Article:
Malaysian Politicians Say Weed-Infused Product Addressed to Them Isn’t Theirs
Rerolled from a High Times Original Article
Two Malaysian politicians—Prime Minister Datuk Seri Anwar Ibrahim and Minister of Economy Rafizi Ramli—laughed off the discovery of a parcel addressed to them that was found to contain a THC-infused toothpaste product, saying they have no idea where the package came from.
On March 10, Sepang District police confiscated a parcel believed to contain a tube of toothpaste infused with THC addressed to two politicians at a courier hub on Pulau Meranti, near Putrajaya. The parcel was sent anonymously, perhaps as a prank.
The toothpaste was labeled “Happy Green” with patterns of fan leaves in green and white, and the item was bought through an online shopping platform with an address in Indonesia.
Minister of Economy Rafizi Ramli held a press conference held in the Parliament building in Kuala Lumpur to discuss the matter. “I just think it’s a waste,” Ramli joked. “Because I don’t take weed.” Both politicians claim they have no idea why the package was addressed to them.
“I don’t know but the parcel was addressed to me and the prime minister,” he said. “Because I don’t take weed so we just give it to the police lah.” Rafizi is also deputy president to Datuk Seri Anwar in Parti Keadilan Rakyat, a component party of Pakatan Harapan. He also addressed a handful of other more serious issues at the press conference, and the case doesn’t appear to be leading to any serious arrests.
Sepang District Police Chief Assistant Commissioner Wan Kamarul Azran Wan Yusof said in a statement that an officer working in the inquiry office of a Ministry had filed a police report regarding the parcel after receiving a tip from a delivery service. According to the chief, on March 10 at approximately 6:30 p.m., two police officers and the informant went to a delivery center in Sepang where the parcel was confiscated.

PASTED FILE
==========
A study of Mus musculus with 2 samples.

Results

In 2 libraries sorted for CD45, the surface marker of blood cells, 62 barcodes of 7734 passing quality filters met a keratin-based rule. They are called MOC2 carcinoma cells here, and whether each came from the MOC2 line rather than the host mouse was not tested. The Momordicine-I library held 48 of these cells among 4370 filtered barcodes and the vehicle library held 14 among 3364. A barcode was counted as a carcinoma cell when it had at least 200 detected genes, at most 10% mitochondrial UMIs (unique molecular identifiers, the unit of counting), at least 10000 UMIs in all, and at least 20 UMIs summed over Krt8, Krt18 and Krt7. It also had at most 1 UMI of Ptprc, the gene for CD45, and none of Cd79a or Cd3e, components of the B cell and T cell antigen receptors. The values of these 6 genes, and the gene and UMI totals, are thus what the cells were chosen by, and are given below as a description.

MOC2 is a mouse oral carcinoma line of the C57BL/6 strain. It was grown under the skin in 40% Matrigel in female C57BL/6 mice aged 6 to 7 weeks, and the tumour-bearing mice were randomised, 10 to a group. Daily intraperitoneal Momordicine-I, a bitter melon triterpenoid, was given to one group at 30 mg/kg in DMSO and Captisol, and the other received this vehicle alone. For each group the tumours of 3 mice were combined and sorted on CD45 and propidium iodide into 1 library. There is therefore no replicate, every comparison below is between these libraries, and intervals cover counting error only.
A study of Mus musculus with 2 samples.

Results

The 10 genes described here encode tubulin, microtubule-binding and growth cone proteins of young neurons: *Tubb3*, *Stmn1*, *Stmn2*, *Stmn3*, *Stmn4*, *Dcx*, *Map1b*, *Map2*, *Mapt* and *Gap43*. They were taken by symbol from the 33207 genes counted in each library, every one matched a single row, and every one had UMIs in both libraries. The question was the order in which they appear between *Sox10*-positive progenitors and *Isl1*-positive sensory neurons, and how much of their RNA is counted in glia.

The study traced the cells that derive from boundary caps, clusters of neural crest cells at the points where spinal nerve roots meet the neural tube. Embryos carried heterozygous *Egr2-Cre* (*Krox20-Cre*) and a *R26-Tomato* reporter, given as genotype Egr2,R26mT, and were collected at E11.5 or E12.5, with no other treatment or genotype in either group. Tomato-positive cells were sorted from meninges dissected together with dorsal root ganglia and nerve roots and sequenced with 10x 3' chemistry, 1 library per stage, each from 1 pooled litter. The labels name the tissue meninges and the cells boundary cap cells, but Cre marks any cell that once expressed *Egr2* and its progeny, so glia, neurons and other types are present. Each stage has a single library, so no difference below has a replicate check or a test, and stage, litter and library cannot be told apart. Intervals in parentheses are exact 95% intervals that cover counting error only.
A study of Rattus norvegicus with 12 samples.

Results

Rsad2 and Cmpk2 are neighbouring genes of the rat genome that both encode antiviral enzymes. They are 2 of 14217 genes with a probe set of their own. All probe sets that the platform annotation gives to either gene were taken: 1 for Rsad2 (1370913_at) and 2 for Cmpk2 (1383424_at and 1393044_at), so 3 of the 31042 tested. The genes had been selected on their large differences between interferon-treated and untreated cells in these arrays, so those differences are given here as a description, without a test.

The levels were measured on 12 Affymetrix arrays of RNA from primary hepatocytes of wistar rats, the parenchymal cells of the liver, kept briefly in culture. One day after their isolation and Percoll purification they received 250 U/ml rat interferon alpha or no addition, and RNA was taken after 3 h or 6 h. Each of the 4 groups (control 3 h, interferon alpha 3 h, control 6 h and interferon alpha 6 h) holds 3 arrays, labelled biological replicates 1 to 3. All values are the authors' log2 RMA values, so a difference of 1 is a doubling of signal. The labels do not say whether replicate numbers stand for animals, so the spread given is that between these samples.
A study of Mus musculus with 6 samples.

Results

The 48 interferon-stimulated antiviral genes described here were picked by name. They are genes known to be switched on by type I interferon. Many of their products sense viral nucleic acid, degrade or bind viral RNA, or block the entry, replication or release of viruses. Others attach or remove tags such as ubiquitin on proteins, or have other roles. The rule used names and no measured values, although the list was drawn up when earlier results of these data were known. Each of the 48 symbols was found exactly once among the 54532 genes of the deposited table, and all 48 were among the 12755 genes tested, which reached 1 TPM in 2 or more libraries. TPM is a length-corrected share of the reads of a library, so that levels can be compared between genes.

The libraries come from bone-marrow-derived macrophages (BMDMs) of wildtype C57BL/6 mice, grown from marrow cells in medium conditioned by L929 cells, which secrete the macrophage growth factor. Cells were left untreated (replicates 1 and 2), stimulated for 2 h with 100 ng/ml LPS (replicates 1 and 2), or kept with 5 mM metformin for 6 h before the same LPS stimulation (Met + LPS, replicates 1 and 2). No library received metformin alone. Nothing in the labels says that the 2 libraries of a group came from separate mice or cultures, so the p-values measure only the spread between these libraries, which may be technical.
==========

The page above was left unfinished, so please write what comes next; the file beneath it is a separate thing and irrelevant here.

The case is ongoing as the product is prohibited under the Dangerous Drugs Act of 1952, which bans the possession of raw opium, coca leaves, poppy straw, and cannabis.
Jokes aren’t really funny though for a country that is known for imposing capital punishment for drug-related crimes. Up until less than a year ago, Malaysia routinely sentenced drug sellers to death, even if it’s cannabis for medical purposes.
Fortunately Malaysia’s cabinet agreed on June 10, 2022 to end mandatory death penalty sentences for 12 different kinds of crimes including those involving nonviolent drug offenses. The move comes four years after the government imposed a stay on executions. The reason this is so significant is that most people on death row in Malaysia have been convicted on narcotics charges.
Human Rights advocates in the region are cautiously optimistic. However, Phil Robertson, deputy Asia director for Human Rights Watch, said at the time that there should be no celebrating until the changes are codified in legislation.
According to information provided by the government as of February of this year, 1,341 people were on the Malaysian death row—and 905 of those people were convicted of “drug trafficking.”
On August 30, 2016, a judge in Malaysia sentenced Muhammad Lukman Bin Mohamad to death after the judge found Lukman guilty of breaking the country’s notoriously strict anti-cannabis laws.
According to local news sources in Malaysia, Lukman was arrested when authorities discovered just over three liters of cannabis oil. Additionally, he was found in possession of 279 grams of compressed cannabis. Specifically, he was found guilty of breaking Malaysia’s Dangerous Drugs Act of 1952.